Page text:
Ask someone about the location of St. James Park and the answer could be somewhere in the Bronx or in London, England. But we wonder how many of our readers are aware that the name once referred to a section of Ridgewood.
Today, much of what once was known as St. James Park is commonly referred to as the Farmers Oval area, for the park at 65th Place and Catalpa Avenue that has had a few different names but is officially known as Mafera Park.
The St. James Park area was roughly bounded by Catalpa Avenue on the south; Madison Street on the north; Fresh Pond Road on the west; and 68th Street on the east.
Before it was developed as a residential section, the property was farmland known as the Wagner farm (previously known as the George Lahr farm and before that, as part of the Edsall farm) that was subdivided in 1891.
The property immediately east of 65th Place eventually became Farmers Oval, while additional land was purchased for use by the New York Connecting Railroad.
As noted by George Miller, historian for the Greater Ridgewood Historical Society, all of the north-south roadways in the subdivision were named for Union Army generals in the Civil War.
St. James United Presbyterian Church was located on Hughes Street (now 68th Avenue) east of Fresh Pond Road. Today, the building remains a house of worship, known as Marantha Romanian Baptist Church.
During the summer of 1913, the St. James Park Airdrome (an outdoor movie operation in a tent) opened at Grant Street (62nd Street) and Hancock Street (later Hughes Street and now 68th Avenue). Admission was five cents.
Although St. James Park was east of Fresh Pond Road, in the early days of P.S. 88—located on the west side of Fresh Pond Road, then a dirt road, at Elm Street (now known as Catalpa Avenue)—it was considered as being in St. James Park. Jacob H. Rohrbach was the first principal of P.S. 88, which opened on Sept. 8, 1908. People referred to it as “the St. James Park School.”
The use of “St. James Park” as a name for that section of the neighborhood began to fade around 1917.
The iceman cometh
One of the photos that we have this week, showing two men with horses, was taken around 1915 in St. James Park.
On the left is William Keller, holding the reins of his horse, while on the right is his father, Jacob Keller. Pictured in the background is the house where William Keller resided. Its address was 881 Sedgwick Street (formerly Grant Street, now 62nd Street).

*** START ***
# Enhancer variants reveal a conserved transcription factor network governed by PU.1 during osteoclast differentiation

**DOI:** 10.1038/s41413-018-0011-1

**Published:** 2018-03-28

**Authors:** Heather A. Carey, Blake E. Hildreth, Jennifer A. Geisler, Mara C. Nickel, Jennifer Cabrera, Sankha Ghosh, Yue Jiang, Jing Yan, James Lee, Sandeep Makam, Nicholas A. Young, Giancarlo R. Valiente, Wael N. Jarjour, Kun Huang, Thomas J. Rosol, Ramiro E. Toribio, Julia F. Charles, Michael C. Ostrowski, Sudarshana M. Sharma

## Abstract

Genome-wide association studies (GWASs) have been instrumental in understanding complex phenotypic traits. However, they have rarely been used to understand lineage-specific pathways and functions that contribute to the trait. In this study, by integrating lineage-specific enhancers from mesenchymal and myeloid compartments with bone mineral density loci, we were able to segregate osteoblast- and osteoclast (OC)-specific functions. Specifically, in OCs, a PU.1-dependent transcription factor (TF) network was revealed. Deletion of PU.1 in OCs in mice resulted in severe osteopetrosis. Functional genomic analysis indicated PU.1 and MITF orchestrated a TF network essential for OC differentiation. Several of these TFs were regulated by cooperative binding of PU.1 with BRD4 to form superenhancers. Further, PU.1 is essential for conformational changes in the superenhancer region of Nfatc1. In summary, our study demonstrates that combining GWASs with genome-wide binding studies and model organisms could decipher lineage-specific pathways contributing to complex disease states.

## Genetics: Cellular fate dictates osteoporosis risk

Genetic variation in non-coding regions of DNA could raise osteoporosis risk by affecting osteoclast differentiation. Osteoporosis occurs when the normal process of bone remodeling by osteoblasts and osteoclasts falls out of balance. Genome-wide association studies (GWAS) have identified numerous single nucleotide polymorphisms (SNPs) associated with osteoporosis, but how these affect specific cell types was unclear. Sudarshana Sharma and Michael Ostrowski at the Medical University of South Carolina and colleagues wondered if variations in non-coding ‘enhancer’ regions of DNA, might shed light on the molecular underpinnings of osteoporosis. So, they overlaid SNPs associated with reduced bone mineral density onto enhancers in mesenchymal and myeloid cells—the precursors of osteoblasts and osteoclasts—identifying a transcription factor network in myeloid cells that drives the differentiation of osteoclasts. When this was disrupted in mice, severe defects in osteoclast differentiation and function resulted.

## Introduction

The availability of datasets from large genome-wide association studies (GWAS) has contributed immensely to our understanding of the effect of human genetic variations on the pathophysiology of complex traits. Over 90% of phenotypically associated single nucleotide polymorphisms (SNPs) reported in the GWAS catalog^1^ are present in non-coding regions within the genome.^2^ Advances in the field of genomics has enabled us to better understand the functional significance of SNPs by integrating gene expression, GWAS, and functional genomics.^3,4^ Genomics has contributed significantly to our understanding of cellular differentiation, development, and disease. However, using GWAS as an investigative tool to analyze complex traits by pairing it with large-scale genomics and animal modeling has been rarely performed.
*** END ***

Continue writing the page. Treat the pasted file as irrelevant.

The address of the two-story house later became 68-33 62nd St.
William Keller delivered coal and ice from Philip Dietz and also from the Knickerbocker Ice Company. After obtaining the ice, he would make his rounds to customers.
Typically, the icemen such as William Keller would travel on the dirt side roads, delivering pieces of ice to houses for use in iceboxes and also to local saloons.
The Dietz plant was located on the west side of “Old” Fresh Pond Road (now Cypress Hills Street) and Van Cortlandt Avenue (now 71st Avenue) near the Ridgewood/Glendale border. Today, it is the site of the Glenridge Mews condominiums.
Many people who are somewhat familiar with the name of the former company’s owner associate it with coal. Originally, however, Philip Dietz operated a dairy before he made the switch to selling coal and wood in 1905. Six years later, he expanded his business by installing artificial ice-making machinery with a capacity of 82 long tons per day.
The ice was produced in 320-lb. cakes (seven cakes to the long ton). It was sold to route men for $3 per ton. The icemen would come with their horse and open wagon to the ice plant to pick up the cakes of ice for delivery.
The route men usually had divided up the areas among themselves so that there was little competition. They cut the 320-lb. cakes of ice into eight 10-cent pieces of 40 lbs. each and made a profit of $2.60 per ton. They earned every penny, as it was hard work.
During the hot summer months, as the iceman made his rounds, the horse pulled his open wagon with the cakes of ice covered with a heavy canvas to prevent melting. When he arrived at the home of one of his customers, the iceman would remove the covering.
Using an ice pick, he would proceed to chop the cake of ice to obtain the size piece as wanted by the customer.
The iceman then used his ice tongs and a burlap cloth to haul the piece of ice from his wagon to the house. In some homes, he entered the basement and went to the dumbwaiter, where a metal dishpan was placed to await the ice. When the iceman placed it in the pan, his customer would then haul up the ice and put it in the icebox.
During the summer months, a housewife would usually order a piece of ice every other day, and twice per week during the winter months.
When General Electric introduced an electric refrigerator in the early 1930s, however, it signaled the beginning of the end for the “ice age.” Even so, many people continued to think in terms of an icebox, referring to a refrigerator as one.
Reprinted from the June 25, 2009 issue of the Ridgewood Times.
If you have memories to share with us, send an email to firstname.lastname@example.org (subject: Our Neighborhood: The Way it Was) or write to The Old Timer, ℅ Ridgewood Times, 38-15 Bell Blvd., Bayside, NY 11361. Any mailed pictures will be carefully returned to you upon request.